10 Reasons vouchers are a bad idea

With an assist from, the Keyston State Education Coalition, from

1. Vouchers divert resources from public education but do not adequately reduce costs. When a student leaves a school district to enroll in a nonpublic school, the district's costs associated with that student do not just disappear. Students typically do not exit the school district in neat groups of 30 nor are they all from the same grade or class. Therefore, school districts are unable to reduce certain fixed costs necessary in the operation of a school – transportation, utilities, debt service and employee payroll, to name a few.

2. Parental satisfaction is not an adequate measure of student or school success or accountability. There are many factors to consider when assessing a school's achievement level and progress. A 2005 study on charter schools by the Economic Policy Institute* suggests that parents may choose a school for other than academic reasons.

3. There is inconclusive evidence that students who utilize vouchers automatically make better strides in private or parochial schools than they would in public school. Studies conducted in Milwaukee, Cleveland and Washington, D.C.* have not found that students utilizing vouchers make any better progress in private or parochial schools than they did while in public school.

4. Private and parochial schools are NOT open to every child. It is disingenuous to claim that vouchers open the door to "parental choice" when in fact the choice is really being given to the nonpublic school. Private and parochial schools are able to decide if they want to accept vouchers, and then how many and which students they want to admit. Public schools accept and educate students regardless of race, religion, ethnicity, academic performance and special needs. Nonpublic schools are able to "cherry pick” the students they would welcome into their school.

5. Parents have choices now if they are not satisfied with their children's public school education. Pennsylvania currently offers alternatives to the traditional brick-and-mortar public school. Parents may enroll their children in charter schools and pay no tuition. They also may choose to educate their child in private or parochial schools or home school.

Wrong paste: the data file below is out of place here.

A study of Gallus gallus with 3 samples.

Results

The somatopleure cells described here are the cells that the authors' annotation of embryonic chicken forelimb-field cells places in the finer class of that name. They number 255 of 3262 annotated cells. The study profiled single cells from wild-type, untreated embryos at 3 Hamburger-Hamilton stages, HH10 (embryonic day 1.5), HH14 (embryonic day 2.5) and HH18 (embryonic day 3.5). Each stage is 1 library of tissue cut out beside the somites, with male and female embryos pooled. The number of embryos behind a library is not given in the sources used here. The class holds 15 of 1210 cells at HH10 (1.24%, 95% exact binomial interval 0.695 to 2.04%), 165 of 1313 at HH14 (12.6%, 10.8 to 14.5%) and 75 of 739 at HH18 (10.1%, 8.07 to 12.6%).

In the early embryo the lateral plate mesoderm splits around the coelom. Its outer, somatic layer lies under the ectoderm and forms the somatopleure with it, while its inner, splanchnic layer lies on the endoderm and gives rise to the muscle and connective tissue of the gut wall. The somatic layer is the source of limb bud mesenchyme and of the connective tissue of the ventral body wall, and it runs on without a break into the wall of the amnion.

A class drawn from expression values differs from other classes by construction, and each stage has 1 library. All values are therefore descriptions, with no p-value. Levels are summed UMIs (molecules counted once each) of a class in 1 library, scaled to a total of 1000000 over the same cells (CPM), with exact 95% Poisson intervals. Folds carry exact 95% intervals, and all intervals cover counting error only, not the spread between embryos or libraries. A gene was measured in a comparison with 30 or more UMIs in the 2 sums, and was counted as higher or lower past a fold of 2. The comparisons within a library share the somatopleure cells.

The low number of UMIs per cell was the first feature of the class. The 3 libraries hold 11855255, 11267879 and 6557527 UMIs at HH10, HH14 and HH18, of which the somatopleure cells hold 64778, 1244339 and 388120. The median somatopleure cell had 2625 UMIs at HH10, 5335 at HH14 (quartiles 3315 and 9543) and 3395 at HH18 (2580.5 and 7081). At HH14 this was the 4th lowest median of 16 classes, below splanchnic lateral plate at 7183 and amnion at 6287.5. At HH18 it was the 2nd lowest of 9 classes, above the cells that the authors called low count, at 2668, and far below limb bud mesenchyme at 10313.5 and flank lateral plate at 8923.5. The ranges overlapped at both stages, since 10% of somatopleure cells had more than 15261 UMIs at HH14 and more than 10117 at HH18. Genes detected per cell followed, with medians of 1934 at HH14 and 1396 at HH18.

6. Vouchers eliminate accountability to taxpayers. The implementation of a school tuition voucher program violates the fundamental principle of "no taxation without representation." This pillar of democracy is based on the tenet that where public dollars are being spent, taxpayers have both the right and responsibility to hold an institution, and those officials in charge of an institution, accountable for that fiduciary duty. Voters are able to hold local school board members accountable through elections, but have no way to hold private schools accountable for use of these public funds.

7. Pennsylvanians do not support tuition vouchers. According to the Pennsylvania Omnibus survey conducted by the Center for Opinion Research at Franklin and Marshall College in 2010 (see details of the findings on What does the public say?), two out of three Pennsylvanians oppose using tax dollars for school vouchers, with opposition being held across political parties, all regions of the state, age groups and races.

8. Nonpublic schools lack transparency. Private and parochial schools are not required to make their financial records, academic achievement data or board of trustees meetings open to scrutiny as publics are under the provisions of the Right-to-Know Law and Sunshine Law. Without these and other such accountability measures, there are no safeguards against fraudulent, unethical or illegal behavior or misuse of funds.

9. Nonpublic schools do not hold students to the same rigorous academic standards as public schools. Students enrolled in nonpublic schools are not subjected to state-approved academic standards and assessments. Further, private and parochial schools are not required to publish student achievement data, so often consistent and comparable data is unavailable.

10. Creating a separate education system does nothing to address inadequacies or issues with the existing public school system. Rather than remove a select few, disadvantaged students from a school that may be underperforming, why not assist public schools to correct or increase their capacity to correct problems so that all students are able to thrive? Pennsylvania’s constitutional directive to maintain a “thorough and efficient system of public education” must not be ignored. Efforts and resources should be focused on building up, not diminishing, public education in Pennsylvania.